Judge strikes down Michigan's ban on gay marriage
A judge has struck down Michigan's ban on gay marriage, the latest in a series of decisions overturning similar laws across the country.
Federal Judge Bernard Friedman ruled Friday, two weeks after a trial. Two Detroit-area nurses who've been partners for eight years claimed the ban violated their rights under the U.S. Constitution.
It was not clear if gay marriages could begin immediately.
Scholars testifying for Jayne Rowse and April DeBoer said there were no differences between children raised by same-sex couples and those raised by a man and a woman.
Michigan Attorney General Bill Schuette is asking a federal appeals court to immediately freeze a judge's decision striking down the state's ban on gay marriage while he appeals.
Schuette's emergency request for the emergency stay and appeal were filed Friday with an appeals court in Cincinnati following federal Judge Bernard Friedman's ruling, which came two weeks after a trial. Two Detroit-area nurses who have been partners for eight years claimed the ban violated their rights under the U.S. Constitution.
Nearly 60 percent of state voters in 2004 approved a constitutional amendment that recognizes marriage only as between a man and a woman.
Schuette said the will of Michigan voters "should stand and be respected."
The Human Rights Campaign issued this comment following the ruling:
Momentum for Marriage Equality Continues with Michigan Ruling
Washington – Michigan today became the latest state to have its ban on marriage equality ruled unconstitutional by a federal judge, and in the process also dealt a blow to the credibility of the anti-gay parenting junk science peddled by UT Austin sociologist Mark Regnerus.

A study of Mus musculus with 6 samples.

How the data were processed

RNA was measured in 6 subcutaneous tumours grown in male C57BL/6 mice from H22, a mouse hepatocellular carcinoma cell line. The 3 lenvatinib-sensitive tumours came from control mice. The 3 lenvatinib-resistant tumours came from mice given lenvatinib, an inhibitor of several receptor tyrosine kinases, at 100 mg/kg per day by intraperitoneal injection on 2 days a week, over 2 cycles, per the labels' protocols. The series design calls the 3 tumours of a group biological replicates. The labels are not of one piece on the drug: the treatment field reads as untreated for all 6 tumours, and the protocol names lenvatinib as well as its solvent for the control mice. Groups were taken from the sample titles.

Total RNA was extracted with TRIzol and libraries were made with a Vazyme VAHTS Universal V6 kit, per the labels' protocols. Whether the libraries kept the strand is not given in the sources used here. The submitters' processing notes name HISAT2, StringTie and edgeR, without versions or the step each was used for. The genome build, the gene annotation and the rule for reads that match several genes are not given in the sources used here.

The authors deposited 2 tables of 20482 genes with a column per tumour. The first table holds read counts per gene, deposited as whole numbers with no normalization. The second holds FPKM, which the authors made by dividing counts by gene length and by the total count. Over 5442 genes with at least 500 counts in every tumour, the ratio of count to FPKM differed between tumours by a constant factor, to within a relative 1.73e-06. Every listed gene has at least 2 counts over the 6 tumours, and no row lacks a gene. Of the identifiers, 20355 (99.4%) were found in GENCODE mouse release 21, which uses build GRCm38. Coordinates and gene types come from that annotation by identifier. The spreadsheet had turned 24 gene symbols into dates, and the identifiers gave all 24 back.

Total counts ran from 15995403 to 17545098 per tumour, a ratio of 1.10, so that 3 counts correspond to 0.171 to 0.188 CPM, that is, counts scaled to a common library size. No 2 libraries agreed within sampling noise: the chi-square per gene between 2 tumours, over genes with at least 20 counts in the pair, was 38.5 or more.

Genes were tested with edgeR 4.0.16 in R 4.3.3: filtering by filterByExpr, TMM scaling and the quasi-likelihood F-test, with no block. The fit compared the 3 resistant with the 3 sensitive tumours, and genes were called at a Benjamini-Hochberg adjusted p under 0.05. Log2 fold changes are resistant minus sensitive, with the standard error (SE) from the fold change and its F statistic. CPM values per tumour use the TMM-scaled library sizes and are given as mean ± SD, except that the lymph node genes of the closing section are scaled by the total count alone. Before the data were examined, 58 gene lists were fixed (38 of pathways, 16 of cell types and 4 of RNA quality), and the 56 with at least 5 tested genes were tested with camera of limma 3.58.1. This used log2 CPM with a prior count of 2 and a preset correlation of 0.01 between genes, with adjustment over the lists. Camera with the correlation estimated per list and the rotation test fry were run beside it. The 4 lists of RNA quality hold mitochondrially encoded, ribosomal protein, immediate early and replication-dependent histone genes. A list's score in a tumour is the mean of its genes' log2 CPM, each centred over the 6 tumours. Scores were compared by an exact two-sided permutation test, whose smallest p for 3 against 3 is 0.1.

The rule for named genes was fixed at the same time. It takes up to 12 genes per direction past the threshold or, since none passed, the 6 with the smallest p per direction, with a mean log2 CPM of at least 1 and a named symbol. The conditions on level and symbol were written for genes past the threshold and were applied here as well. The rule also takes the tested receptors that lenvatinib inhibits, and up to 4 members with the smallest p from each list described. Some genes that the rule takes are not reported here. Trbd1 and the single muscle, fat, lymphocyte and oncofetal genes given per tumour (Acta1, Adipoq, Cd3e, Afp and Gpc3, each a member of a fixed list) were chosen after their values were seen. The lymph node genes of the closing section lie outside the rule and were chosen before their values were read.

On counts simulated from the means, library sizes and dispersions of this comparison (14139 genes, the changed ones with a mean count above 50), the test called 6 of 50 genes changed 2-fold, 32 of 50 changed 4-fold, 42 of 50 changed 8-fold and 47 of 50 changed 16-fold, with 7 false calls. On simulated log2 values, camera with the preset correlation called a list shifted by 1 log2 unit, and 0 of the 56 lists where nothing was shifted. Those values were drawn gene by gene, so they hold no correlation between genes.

“The momentum for marriage equality is undeniable as yet another federal judge affirmed today that all loving and committed same-sex couples deserve to be treated equally under the law,” said Human Rights Campaign President Chad Griffin. “Today’s ruling in Michigan now joins similar rulings in Virginia, Kentucky, Texas, Ohio, Oklahoma and Utah. It’s clear that the law is on the side of LGBT Americans, and we are moving with increasing momentum toward the day when all loving and committed same-sex couples receive the dignity and respect they deserve.”
The Michigan ruling is particularly significant because Mark Regnerus, who authored a biased and flawed anti-gay parenting study that was conceived and funded by anti-gay groups, testified during the trial as a witness for the state. Regnerus again stated that he believed marriage was between one man and one woman. He also admitted that the report’s chief funder, the anti-gay Witherspoon Institute, wanted the study completed before the U.S. Supreme Court took up marriage equality. Hundreds of Regnerus’ fellow sociologists, the American Sociological Association, and even his own department at UT Austin have all spoken out against his anti-gay study.
In today’s ruling, Friedman - who was appointed to the bench by President Ronald Reagan - wrote: “The Court finds Regnerus’s testimony entirely unbelievable and not worthy of serious consideration.”
The Human Rights Campaign is America’s largest civil rights organization working to achieve lesbian, gay, bisexual and transgender equality. By inspiring and engaging all Americans, HRC strives to end discrimination against LGBT citizens and realize a nation that achieves fundamental fairness and equality for all.
State Representative Jeff Irwin had this to say about the ruling:
Rep. Irwin lauds marriage equality ruling
LANSING - State Representative Jeff Irwin (D- Ann Arbor) applauded the federal district court ruling today striking down Michigan’s ban on same-sex marriage. “I am delighted that Judge Friedman recognized that same-sex couples should have access to the legal rights and responsibilities of marriage. Although this case started as a challenge to Michigan’s discriminatory adoption law; it has always been about ensuring that all families are treated equally under the law,” he said.
“This victory is another advance for equal protection. Although there is much more we must do to end discrimination, I'm proud that Michigan is joining the growing consensus that everyone deserves equal rights."